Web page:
Washington Elementary students began separating food waste from trash in the cafeteria this spring. An estimated 5 tons of food waste will be diverted from the landfill and recycled annually. Submitted photo1 / 2
Food waste accounts for much of the waste generated at schools in Minnesota. Food waste collected at Washington Elementary is picked up by its regular waste hauler, Cloquet Sanitary Service, taken to Western Lake Superior Sanitary District in Duluth and turned into nutrient-rich compost. Submitted photo2 / 2

Washington Elementary students did things a little differently this past school year due to a new cafeteria initiative. The school implemented a food waste collection program that will result in about 5 tons of food waste diverted from the landfill and recycled annually.

The food waste is picked up by its regular waste hauler, Cloquet Sanitary Service, taken to Western Lake Superior Sanitary District in Duluth and turned into nutrient-rich compost.

"I think the end goal is to be more mindful of the resources we have and how we are impacting the environment around us, and it's a pretty easy way for us to, I think, make a big impact with the size of the building we have and the amount of waste we produce," Principal Robbi Mondati said.

Mondati and other Green Team members have been involved in the Green Schools Project, Carlton County's waste reduction and recycling grant program, for three years. The first couple of years, funds were spent on uniform recycling bins, reusable silverware for the cafeteria and a water bottle-filling station.

This year, they decided to collect food waste, which makes up a large portion of waste generated in schools.

Jason Godnai, a third-grade teacher and member of the school's Green Team, said the task was a little daunting.

"It's just a process that you have to do it. You have to dive into it and you just take the negatives and the positives and improve," Godnai said.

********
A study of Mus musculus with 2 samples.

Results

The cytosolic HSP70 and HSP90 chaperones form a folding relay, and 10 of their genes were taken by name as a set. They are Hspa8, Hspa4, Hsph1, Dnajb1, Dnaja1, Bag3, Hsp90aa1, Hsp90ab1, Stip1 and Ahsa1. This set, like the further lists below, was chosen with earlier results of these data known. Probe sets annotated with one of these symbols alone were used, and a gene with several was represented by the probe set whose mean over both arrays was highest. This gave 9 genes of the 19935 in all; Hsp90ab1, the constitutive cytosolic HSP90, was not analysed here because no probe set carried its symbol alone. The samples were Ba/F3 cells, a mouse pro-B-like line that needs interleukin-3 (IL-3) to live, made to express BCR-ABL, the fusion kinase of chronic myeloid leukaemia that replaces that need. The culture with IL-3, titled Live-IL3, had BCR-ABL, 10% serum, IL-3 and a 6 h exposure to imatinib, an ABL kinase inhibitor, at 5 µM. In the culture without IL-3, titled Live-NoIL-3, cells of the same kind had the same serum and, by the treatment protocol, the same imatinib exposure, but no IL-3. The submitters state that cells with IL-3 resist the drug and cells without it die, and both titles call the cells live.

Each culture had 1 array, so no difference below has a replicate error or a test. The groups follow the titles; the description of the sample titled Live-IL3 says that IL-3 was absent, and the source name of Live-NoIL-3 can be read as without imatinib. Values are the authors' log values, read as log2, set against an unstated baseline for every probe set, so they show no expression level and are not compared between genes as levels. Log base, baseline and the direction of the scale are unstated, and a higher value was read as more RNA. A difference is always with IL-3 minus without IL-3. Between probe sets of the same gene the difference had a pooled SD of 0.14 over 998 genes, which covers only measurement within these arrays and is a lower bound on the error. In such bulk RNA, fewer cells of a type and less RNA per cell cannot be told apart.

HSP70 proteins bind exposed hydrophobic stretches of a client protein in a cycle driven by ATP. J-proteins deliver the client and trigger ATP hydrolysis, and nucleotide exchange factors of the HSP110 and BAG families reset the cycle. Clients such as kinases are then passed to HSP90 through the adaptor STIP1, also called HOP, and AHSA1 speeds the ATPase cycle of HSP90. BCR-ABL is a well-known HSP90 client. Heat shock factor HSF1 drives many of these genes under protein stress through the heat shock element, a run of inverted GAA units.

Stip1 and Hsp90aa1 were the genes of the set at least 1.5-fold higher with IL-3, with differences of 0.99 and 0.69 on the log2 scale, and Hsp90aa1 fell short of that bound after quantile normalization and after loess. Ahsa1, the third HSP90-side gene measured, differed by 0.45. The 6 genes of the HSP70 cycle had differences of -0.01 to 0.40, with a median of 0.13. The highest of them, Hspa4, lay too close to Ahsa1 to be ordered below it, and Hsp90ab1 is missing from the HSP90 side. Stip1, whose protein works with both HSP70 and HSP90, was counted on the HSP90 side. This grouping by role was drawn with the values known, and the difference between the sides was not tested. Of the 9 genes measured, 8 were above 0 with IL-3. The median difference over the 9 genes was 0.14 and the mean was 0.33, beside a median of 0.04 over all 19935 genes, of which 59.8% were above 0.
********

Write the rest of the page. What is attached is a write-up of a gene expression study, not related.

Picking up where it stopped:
For example, dumpsters were rearranged to make space for the new food waste dumpster. The small cafeteria also presented its own set of unique challenges, so education of students, staff and teachers was essential.

"It certainly took a team effort, with our head custodian, as well as our kitchen staff (and) our cafeteria supervisor," Mondati said. "You need to have a team that is flexible and adaptable and not naive to believe that there won't be some challenges."

Funds from the Green Schools Project grant were used to purchase equipment, including a custom waste disposal station through Sheet Metal Solutions of Duluth. The station includes a bin for students to place their leftover food into a special compostable bag and another bin to place trash, like plastic wrappers and milk cartons, both of which are not recyclable in the area.

"I think they've done a nice job with their sorting and they've got the flow down," Mondati said. "Depending on the grade level, it's maybe a little bit more time consuming, so it's just us needing to be mindful about the timing of kids coming in and kids going out, but I think generally it's been really successful, worthwhile, worth doing."

They're not the first to implement organics collection. The Cloquet Middle School has been collecting food waste in its cafeteria for almost 10 years, and the program was integrated into the new facility, which students and staff moved into last fall.

If all of the schools in the Cloquet district collected food waste in their cafeterias, an estimated 20 tons would be diverted from the landfill annually.

"With the support of the county and just the assistance in getting it up and running, it really is doable," Mondati said. "If we can do it in a building of 550 kids ranging from 5 to 10 years old, I think it's a manageable task for any building to take on."